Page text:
First step: Define your goals/reasons
I think this is the predominant factor. Which of these best fits you? (Choose only one)
- You want to enjoy a fun, challenging coding task
- You want to create an extremely good chess engine
- You want to learn about how chess engines work
- You want to learn/practice coding skills
- You want to learn/implement computer science concepts/theory (e.g. machine learning)
IMO it's fine to "toss a coin" for anything except 2. For all the others, you will meet your goal whether you choose ML or hard-coding. However you probably want a comparison between the choices to help you decide.
The case for hard-coding
Playing chess (as a human) involves logical thinking. You explore the space of possible actions you and the opponent can take. This has spawned a field called game theory which contains theoretical frameworks for analysing games in general.
If you enjoy working with details and being specific and reasoning about things then this could work well for you. In comparison, machine learning involves a lot more "black box" algorithms which are fuzzy and opaque. You don't know exactly what is going on.
Also I reckon you will have an easier time "figuring it out on your own" if you go the hard-coding route rather than machine learning. Less copy-pasting stuff you don't fully understand.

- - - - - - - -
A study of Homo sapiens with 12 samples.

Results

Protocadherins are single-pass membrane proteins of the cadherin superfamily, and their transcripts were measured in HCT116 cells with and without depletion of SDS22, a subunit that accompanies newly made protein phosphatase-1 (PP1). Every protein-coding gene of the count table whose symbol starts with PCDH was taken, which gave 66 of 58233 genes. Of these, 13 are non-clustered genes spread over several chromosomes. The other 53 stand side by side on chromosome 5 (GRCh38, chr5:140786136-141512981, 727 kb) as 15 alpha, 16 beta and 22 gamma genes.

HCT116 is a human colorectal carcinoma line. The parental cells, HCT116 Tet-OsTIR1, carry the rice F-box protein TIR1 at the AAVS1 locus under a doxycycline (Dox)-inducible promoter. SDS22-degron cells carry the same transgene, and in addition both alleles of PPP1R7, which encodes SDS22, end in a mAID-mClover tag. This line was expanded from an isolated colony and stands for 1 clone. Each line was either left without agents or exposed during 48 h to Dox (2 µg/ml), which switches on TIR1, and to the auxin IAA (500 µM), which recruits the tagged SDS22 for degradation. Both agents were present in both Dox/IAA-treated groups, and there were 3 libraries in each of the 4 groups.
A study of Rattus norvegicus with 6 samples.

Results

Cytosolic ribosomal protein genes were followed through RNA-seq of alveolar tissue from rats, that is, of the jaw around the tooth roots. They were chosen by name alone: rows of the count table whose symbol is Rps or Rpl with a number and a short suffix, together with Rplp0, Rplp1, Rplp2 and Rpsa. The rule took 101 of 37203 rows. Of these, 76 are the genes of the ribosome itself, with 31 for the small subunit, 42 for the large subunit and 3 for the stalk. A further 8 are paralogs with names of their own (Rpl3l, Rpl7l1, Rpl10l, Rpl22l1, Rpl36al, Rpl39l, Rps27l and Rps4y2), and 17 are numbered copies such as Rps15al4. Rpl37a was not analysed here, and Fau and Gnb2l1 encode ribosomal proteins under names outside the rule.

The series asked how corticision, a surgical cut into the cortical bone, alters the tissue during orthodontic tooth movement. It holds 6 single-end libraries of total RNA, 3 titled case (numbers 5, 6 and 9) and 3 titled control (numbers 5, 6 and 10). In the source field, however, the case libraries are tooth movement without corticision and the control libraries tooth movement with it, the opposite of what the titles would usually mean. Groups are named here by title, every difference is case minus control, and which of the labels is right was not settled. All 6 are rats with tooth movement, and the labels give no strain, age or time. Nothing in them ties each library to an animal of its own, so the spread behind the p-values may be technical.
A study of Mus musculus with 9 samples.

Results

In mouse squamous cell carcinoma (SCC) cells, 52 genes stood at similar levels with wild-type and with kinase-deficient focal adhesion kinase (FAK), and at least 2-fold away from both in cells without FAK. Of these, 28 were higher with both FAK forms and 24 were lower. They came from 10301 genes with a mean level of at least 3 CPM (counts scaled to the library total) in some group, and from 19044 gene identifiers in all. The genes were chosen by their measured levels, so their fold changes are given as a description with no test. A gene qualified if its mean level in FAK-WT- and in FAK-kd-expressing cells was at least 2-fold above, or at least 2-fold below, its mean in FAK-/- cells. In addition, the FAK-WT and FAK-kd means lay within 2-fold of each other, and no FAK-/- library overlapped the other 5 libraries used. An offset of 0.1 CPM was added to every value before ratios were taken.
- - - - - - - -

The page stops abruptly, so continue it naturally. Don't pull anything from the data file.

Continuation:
The case for machine learning
It can be exciting to give birth to a creation and watch it take on a life of its own. While hard-coding is all about precision and detail, machine learning is flexible. Take away some neurons and the result will probably be similar.
Hard-coding is about studying chess. Machine learning is about studying the creature you have created.
And machine learning is, of course, a very hot topic.
Language choice for hard-coded
I am not sure what you mean by "other C-based languages". C++ is the only mainstream language that is anything like C. The advantage of C/C++ is that they are fast. Although other languages have caught up over the years, C++ still gives them a run for their money.
C++ isn't easy. You will get great performance out of more modern compiled languages like Rust, Golang or Swift. But it shouldn't be much worse if you go for a JIT language. I.e. don't use the CPython interpreter; use IronPython or Jython, or Node, or C# or Java.
GPU programming requires a different approach and I would advise against it at this point.
Language choice for machine learning
The problem with TensorFlow is that it is very low-level. It is more about writing number-crunching algorithms (which can be farmed out to parallel hardware) than about an interface dedicated to machine learning.
Of course, it can be a great learning experience! And is certainly very worthwhile learning today. However, you may want to start with Keras or PyTorch.